IMO, the theorem of erupting methane gas deposits causing ships to sink has some validity. In the Discovery Channels’ documentary, they showed some film footage of an offshore oil
rig that had drilled into a gas deposit. The rig almost sank as large gas bubbles boiled the water underneath, and around the pylons of it. Also of interest in the documentary were the illustrations of the seabed contour. From the shallows off the coast of Florida
, to the 30,000 foot deep Puerto Rican trench, the “hills and valleys” of the ocean floor contribute unruly fluid forces when there is a major disturbance in the seabed. Massive fluid motion moves through it all much like hitting a golf ball on a Putt-Putt course through the maze of “humps,” staged randomly in the path towards the hole.
There are also some flaws in the methane gas theorem. For instance, even though in test tanks
model ships were sank while inducing large air volumes beneath them, the models were being held in a stationary position. How much effect would the eruption of a methane gas deposit have on a giant oil
tanker traveling at 15-20 knots? There doesn’t seem to be any way of knowing.
The Discovery Channel broadcast on the subject was interesting to me. I thought it may be of some interest to sailors here, and possibly generate some discussion. Maybe some strange occurrences would be shared by sailors that have traveled through the Bermuda
Triangle, or opinions offered on the methane gas theorem. About the only strange occurrence I’ve had sailing through the Triangle involved getting trapped into crewing
for a retired IBM computer Geek. He helped develop a system called “OS2,” I believe it was. Apparently some guy named Bill Gates shot the system down when he introduced another system called “Windows.” The rest as they say “Is history
.” Every time I mentioned something about “Windows,” the blood vessels would start to pop out on the skippers’ forehead.The rest of his head, all the way down to the base of his neck would turn an unusual color of crimson red. He would begin to rant and rave about Bill Gates, and how “OS2” is a superior operating system, etc, etc. I tried to reassure him that I knew he was correct in his assessment, each time I accidentally brought up the subject again, and again.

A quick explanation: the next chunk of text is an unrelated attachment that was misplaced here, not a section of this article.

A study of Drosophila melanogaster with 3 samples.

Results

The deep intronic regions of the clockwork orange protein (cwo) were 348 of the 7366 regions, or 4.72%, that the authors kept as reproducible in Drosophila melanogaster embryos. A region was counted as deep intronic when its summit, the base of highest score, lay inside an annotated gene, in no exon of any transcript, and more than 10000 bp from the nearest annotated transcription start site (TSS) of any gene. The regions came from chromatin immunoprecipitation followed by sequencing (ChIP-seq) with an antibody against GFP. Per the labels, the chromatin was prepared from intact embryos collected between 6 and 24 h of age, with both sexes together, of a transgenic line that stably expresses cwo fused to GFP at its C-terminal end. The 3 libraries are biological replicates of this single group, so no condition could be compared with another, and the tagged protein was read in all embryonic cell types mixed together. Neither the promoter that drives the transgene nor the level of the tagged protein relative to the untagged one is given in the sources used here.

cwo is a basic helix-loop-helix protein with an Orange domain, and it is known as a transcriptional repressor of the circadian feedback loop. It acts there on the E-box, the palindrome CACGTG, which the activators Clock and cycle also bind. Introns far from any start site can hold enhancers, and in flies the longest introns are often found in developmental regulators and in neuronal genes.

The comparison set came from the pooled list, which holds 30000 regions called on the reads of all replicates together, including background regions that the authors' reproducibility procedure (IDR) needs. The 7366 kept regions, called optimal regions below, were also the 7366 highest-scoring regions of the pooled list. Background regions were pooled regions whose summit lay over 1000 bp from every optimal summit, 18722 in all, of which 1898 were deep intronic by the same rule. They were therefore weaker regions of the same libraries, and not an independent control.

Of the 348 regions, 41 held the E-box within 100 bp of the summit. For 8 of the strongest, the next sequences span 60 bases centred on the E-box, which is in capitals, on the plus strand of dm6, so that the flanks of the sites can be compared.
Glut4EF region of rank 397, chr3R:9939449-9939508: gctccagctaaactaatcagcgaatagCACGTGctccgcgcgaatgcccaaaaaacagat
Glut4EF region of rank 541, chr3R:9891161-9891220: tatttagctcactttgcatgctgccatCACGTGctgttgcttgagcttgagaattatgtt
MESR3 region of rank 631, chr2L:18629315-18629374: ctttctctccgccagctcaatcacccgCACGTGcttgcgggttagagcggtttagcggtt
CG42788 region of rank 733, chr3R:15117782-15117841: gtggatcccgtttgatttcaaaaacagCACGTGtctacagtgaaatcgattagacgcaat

Every function on board was scrutinized by Mr.OS2. From measuring how much water was used to wash the dishes, to if wash rags were properly folded in the head, everything was inspected by him. It was as though I had entered a bad episode of the “Twilight Zone” and couldn’t get out. It was really quite maddening, and scary. But yet, some how I didn’t suffer any serious, adverse long term effect…effects from the experience. The voyage was back during my heavy rum
drinking days. For that, I’m thankful.
Reported strange occurrences other than neurotic computer Geeks skippering boats through the Bermuda Triangle won’t keep me from sailing there. I figure the odds of a methane gas pocket taking me out is probably less than the possibility of hitting a submerged object. I just find these types of things about the ocean fascinating. The ocean is a last frontier. A lot is known about it, but there’s also a lot that isn’t.